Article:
Whether in racing or casual riding, footwork is key to enhanced performance. Footwork in motocross is admittedly a little more involved, given the jumps and slides inherent in the sport, and as such, foot placement is key to getting optimal agility and balance on a bike. In fact, many riders have to practice their footwork and force themselves out of the habit of riding on the arches of their feet rather than the balls of them. By keeping the balls of their feet on the pegs, they gain more rear and forward flexibility and leverage with their feet.


That being said, boots are not simply tools to determine if one is using proper foot placement, of course.  However, boots can only perform as designed when the rider’s feet are in the optimal position.

Many quality racing and riding boots have hidden pivot points around the ankle to provide both rear and forward flexibility in the boot. But, if the foot is in the wrong position, it will not bend as flexibly, and therefore, neither will the boot.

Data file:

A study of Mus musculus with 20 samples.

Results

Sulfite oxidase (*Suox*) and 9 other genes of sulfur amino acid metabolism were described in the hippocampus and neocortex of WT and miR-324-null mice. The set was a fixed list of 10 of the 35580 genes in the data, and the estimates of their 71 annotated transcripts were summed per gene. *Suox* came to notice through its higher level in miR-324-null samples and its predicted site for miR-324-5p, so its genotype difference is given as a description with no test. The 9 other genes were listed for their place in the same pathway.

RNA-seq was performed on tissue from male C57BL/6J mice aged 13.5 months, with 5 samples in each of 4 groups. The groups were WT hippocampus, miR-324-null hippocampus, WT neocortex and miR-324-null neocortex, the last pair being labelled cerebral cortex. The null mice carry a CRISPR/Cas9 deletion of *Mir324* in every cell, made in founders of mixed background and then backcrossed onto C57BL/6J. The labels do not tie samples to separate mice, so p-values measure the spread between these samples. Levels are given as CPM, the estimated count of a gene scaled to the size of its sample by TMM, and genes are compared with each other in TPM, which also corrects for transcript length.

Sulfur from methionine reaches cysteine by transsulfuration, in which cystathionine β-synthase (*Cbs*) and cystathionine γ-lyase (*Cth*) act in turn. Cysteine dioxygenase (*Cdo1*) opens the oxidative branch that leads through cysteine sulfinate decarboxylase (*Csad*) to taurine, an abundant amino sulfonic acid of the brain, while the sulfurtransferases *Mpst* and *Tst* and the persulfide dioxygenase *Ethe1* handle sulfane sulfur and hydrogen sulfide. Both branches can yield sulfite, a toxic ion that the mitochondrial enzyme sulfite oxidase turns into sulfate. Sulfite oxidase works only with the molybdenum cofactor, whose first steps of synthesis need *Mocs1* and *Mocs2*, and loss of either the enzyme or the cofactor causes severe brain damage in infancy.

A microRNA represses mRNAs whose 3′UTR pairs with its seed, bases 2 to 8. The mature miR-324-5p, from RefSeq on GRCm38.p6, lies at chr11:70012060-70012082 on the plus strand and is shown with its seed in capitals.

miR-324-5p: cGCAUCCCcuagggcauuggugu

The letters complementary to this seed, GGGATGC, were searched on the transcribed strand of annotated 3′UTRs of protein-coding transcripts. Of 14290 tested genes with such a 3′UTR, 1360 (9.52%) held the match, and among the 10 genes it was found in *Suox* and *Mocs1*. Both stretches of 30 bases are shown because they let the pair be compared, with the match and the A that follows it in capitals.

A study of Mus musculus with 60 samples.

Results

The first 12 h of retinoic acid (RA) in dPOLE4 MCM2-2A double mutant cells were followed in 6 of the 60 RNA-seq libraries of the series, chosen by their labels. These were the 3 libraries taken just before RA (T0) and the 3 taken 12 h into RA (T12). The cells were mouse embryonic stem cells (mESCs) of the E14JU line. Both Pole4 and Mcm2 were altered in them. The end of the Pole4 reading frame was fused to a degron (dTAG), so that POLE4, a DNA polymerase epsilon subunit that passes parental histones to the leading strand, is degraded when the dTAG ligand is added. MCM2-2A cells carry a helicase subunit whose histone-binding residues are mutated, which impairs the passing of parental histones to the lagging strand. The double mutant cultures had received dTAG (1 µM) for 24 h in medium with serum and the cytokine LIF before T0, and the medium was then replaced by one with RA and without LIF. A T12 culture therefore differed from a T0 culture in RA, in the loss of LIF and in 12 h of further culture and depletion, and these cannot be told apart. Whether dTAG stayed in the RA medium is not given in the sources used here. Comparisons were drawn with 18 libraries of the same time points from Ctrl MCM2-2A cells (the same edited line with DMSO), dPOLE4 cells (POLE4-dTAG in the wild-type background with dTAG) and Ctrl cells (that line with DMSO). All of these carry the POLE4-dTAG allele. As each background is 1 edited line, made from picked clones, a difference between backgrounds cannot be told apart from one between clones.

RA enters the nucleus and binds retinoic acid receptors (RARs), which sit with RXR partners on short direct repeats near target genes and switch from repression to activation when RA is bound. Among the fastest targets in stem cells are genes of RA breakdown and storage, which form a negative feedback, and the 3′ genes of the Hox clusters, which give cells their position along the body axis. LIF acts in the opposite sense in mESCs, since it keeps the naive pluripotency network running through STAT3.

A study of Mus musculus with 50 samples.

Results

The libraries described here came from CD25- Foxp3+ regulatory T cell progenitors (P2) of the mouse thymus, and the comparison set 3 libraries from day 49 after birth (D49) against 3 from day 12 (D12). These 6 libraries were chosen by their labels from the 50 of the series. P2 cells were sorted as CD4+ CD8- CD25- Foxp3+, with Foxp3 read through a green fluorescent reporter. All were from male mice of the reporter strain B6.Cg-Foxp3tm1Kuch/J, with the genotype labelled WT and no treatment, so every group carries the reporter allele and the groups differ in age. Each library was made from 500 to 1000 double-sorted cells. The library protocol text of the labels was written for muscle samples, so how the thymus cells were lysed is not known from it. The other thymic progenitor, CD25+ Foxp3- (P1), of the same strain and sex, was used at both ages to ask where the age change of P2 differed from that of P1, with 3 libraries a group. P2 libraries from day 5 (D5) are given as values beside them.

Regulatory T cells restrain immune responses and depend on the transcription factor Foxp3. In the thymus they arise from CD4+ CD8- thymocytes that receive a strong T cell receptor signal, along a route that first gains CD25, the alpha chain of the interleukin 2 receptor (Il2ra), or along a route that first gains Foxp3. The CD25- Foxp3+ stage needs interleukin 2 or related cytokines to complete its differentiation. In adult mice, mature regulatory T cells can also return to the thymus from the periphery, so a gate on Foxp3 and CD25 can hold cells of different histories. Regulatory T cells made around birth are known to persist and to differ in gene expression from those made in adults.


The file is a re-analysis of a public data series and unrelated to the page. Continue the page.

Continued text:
Some manufacturers have spent years designing new soles for their boots to optimize stability and placement. Not only do quality boot soles need to provide multi-directional traction, but even the angle of the heel should be designed to keep the foot stable on the footrest or even ensure fast sliding.


Most boots make comfort a priority, and they will have varying amounts of foam padding inside. For motocross boots, make sure the inside lining of the boot is breathable to keep the feet from getting overheated. In addition, for any type of boot, you want to look for heat guards that will offer the best grip on the bike frame but keep the calves from burning. 

Customers will pay top dollar for quality, comfortable boots that won’t wear out after a few runs. So, be sure to stock boots that can take a lickin’ and keep on kickin’.